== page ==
American Airlines will begin offering high-speed, in-flight Internet access on select airplanes next year, the company announced Thursday.
Through an agreement with AirCell, the airline will provide on a test basis high-speed broadband connectivity on its Boeing 767-200 aircraft, which fly primarily transcontinental routes, the company said. Passengers who sign up for the service, available for a fee, will have access to a high-speed Internet connection, virtual private network (VPN) and e-mail capabilities through WiFi-enabled laptops and personal digital assistant (PDA) devices.
“We understand that broadband connectivity is important to our business customers and others who want to use their PDAs and laptops for real-time, in-flight broadband communications,” said Dan Garton, American’s executive vice president of marketing. “This is part of our continuing effort to enhance the travel experience for our customers and meet their evolving needs.”
If the test program is successful, American may roll out the offering to the rest of its domestic fleet, the company said.
While American is apparently the first U.S. airline to offer in-flight Internet access, some international carriers have already experimented with such services. German airline Lufthansa, for example, offered Internet from Connexion by Boeing beginning in 2004 but ending at the end of 2006, when Boeing shut Connexion down. The company is reportedly considering finding a new partner to restore the service.
Qantas, meanwhile, just recently announced that it would begin offering connectivity starting August 2008.
The broadband technologies that will provide connectivity on American Airlines aircraft flying over the continental United States are overseen by both the Federal Aviation Administration and the Federal Communications Commission.
The technology will include three antennas installed on the outside of each plane. AirCell, meanwhile, will provide cellular towers throughout the continental United States to transmit the signal. The signals received inside the cabin will be 802.11a/b/g WiFi signals.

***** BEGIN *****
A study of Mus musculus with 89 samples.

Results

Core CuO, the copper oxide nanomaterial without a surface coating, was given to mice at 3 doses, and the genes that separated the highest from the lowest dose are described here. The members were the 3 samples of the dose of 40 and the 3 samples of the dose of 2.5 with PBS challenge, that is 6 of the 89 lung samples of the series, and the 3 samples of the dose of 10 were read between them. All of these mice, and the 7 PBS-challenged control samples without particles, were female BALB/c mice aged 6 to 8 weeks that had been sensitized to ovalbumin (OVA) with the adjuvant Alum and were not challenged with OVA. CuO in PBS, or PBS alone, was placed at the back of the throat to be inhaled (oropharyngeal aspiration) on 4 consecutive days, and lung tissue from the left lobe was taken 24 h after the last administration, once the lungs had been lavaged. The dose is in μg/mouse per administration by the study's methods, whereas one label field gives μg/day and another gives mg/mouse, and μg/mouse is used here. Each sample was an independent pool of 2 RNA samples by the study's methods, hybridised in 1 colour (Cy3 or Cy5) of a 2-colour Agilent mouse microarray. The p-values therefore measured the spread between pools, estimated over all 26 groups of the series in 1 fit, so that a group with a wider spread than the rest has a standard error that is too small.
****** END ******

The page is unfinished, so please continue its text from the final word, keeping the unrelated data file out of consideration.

“I think Internet access, if priced reasonably, is tremendously interesting to the passenger,” Donald Schenk, president of Airline Capital Associates, told TechNewsWorld. “It has all the advantages of helping people become more productive without any of the extreme disadvantages of talking on a cell phone and annoying your neighbors.”
While there are some people who prefer to take a break from work during flights, “a large number of business travelers will welcome this,” agreed Greg Sterling, founder of Sterling Market Intelligence.
To the extent that other U.S. airlines don’t yet offer the service, it could also be a differentiator that helps lure customers to American Airlines flights, Sterling told TechNewsWorld.
“I think it’s a good idea,” he said. “A lot of people will feel they can get more done.”
News of American Airlines’ Internet plans comes at a time when the airline industry as a whole sorely needs to appease travelers frustrated by on-time performance rates, which are reportedly at an all-time low. Only 73.58 percent of U.S. flights between January and May 2007 arrived on time — defined as within 15 minutes of schedule — as opposed to the 77.41 percent that were on time over the same months last year, according to the Bureau of Transportation Statistics.
“The data doesn’t even tell the full story, either,” Schenk said. “It doesn’t tell the magnitude of the delay for people who miss their connecting flights. You might not get another flight for a day or two.”
The new offering is part of “a series of moves by American in the past two years to enhance the customer experience by investing in its terminals, products, global route network, and services,” the company said.
“My guess is that now that they’re finally making a little money, they’re desperately trying to improve the quality of their product for the business traveler,” Schenk said.